Frustrated by the lack of medical billing transparency, as well as pricey and time-consuming visits to the emergency room, customers are turning their attention – and money – towards retail clinics.
Recent consumer surveys show a radical change in behaviors in healthcare customers.
A poll by HealthSparq, for instance, found that 40 percent of interviewees would rather skip a routine check-up, physical, or other preventive screening than go to a hospital and risk getting an unexpected bill.
Their worries are well founded. In the past year alone, more than half of survey respondents said they received a surprise health bill. What’s more, 60 percent of them said they initially thought the services they were charged for were covered by insurance plans. As a result, 39 percent have avoided care when they or a family member were sick or injured.
Puzzled by the billing system, customers started migrating towards retail-style healthcare options such as retail clinics. Today, there are five times more ‘quick care’ sites than in 2010, according to a new report by Civis Analytics.
Customers are flocking to clinics like CVS Health’s MinuteClinic, Walgreens’ Healthcare Clinic, and Walmart’s Care Clinic not only because they are more convenient, but also because they are more affordable.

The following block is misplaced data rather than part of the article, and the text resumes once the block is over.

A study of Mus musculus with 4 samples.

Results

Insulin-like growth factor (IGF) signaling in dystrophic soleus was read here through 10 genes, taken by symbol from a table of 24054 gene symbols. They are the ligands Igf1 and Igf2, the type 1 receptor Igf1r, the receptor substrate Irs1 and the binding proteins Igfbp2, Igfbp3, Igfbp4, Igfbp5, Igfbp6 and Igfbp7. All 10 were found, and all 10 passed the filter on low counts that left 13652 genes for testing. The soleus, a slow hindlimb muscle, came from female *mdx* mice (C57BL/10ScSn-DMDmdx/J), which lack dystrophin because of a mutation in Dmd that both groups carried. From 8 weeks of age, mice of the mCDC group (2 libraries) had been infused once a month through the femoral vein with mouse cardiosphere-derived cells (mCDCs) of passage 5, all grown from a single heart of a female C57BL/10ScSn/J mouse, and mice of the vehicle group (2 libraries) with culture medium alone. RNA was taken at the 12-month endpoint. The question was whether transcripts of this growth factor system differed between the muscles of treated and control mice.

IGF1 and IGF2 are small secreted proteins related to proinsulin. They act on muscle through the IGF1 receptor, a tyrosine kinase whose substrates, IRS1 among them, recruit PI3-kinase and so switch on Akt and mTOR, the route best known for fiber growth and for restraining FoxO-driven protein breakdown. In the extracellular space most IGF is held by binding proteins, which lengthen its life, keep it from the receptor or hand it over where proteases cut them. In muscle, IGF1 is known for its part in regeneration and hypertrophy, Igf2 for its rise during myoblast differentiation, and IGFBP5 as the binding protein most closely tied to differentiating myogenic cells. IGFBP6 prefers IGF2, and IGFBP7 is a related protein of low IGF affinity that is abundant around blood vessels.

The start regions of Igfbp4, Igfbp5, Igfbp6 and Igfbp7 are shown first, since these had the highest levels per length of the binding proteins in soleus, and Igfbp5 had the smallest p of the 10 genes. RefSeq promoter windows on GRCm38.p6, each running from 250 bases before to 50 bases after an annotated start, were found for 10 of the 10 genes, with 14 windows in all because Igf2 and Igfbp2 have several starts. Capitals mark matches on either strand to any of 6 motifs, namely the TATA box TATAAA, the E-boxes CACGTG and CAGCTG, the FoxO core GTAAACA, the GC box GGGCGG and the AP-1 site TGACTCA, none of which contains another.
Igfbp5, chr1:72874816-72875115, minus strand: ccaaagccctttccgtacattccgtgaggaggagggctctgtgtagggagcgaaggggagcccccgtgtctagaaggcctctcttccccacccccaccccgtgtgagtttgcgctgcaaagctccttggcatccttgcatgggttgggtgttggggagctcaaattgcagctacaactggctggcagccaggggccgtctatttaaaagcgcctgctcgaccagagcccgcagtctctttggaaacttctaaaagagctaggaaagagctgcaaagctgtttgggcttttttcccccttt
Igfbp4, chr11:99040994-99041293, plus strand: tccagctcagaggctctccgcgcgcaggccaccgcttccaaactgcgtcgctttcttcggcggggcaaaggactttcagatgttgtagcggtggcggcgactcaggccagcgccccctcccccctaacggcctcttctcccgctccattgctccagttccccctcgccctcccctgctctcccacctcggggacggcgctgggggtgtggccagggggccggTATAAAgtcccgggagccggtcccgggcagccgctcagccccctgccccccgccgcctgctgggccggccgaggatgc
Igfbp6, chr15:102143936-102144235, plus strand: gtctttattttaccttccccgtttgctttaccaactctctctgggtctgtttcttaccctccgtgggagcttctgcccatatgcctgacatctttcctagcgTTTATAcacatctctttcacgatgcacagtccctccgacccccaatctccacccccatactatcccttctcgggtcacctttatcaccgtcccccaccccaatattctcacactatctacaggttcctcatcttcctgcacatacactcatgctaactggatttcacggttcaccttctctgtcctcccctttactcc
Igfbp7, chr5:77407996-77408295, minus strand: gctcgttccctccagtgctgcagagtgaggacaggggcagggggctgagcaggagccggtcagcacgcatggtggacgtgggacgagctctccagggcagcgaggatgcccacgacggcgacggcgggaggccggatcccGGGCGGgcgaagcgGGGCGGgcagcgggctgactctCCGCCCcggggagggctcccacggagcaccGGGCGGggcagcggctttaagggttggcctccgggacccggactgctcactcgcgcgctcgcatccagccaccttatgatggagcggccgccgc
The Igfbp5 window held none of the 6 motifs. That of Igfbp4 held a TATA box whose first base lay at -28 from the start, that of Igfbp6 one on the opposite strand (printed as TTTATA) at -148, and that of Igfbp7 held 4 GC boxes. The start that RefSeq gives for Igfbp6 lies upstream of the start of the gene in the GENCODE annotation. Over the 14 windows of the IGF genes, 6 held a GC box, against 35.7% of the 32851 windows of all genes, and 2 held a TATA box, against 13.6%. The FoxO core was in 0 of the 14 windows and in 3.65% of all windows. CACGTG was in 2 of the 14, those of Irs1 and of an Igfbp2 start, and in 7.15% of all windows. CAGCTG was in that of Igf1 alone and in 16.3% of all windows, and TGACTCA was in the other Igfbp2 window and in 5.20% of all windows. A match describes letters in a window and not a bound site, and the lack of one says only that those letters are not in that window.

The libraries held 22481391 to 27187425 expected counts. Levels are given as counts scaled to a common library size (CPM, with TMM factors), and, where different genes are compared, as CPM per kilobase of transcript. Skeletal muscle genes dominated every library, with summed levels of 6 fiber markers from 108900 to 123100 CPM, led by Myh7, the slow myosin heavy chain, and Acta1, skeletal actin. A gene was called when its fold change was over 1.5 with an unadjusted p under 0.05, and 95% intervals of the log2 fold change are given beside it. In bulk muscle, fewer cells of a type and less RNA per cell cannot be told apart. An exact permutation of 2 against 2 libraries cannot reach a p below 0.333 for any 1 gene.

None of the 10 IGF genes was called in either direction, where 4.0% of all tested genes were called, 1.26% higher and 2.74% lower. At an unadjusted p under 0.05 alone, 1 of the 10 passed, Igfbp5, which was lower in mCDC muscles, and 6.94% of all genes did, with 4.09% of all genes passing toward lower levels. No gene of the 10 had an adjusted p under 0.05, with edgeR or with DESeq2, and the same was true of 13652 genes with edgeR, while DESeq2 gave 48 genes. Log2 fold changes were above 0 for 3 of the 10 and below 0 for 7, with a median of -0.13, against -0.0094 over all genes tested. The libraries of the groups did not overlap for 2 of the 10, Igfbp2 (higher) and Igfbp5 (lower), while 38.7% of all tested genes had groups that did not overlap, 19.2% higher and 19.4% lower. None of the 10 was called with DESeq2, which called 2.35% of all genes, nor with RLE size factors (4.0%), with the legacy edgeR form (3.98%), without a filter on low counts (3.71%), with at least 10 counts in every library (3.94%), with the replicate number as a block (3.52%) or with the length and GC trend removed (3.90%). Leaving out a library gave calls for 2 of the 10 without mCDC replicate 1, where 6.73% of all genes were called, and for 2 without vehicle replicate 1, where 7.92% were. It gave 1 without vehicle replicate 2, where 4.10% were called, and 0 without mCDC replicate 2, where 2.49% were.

The up-front billing for out-of-pocket payments and the fact that there’s no need for appointments make clinics a fierce competitor for hospitals.
“Patients want good medical care, but they also value convenience and want healthcare to meet them where they are, rather than cause disruption to their daily lives,” said Crystal Son, Healthcare Analytics Lead at Civis Analytics.
The survey found that the bulk of clinic customers consists of younger people, who are in good health and need “one-and-done” primary care services. Around 40 percent of them seek care for minor illnesses or injuries, while over 30 percent of patients come for vaccinations.
The retail clinics industry is expected to expand even more by 2025, when experts predict it will reach $7.3 billion based on analysis of healthcare trends.
This upward trend can be best observed in Illinois where residents started going to clinics for minor conditions like flu and general aches. Blue Cross and Blue Shield of Illinois saw an 11.7 percent increase in the rate of retail clinic visits by patients with insurance through their employers between 2014 and 2015, shows a the 2017 Health of America Report.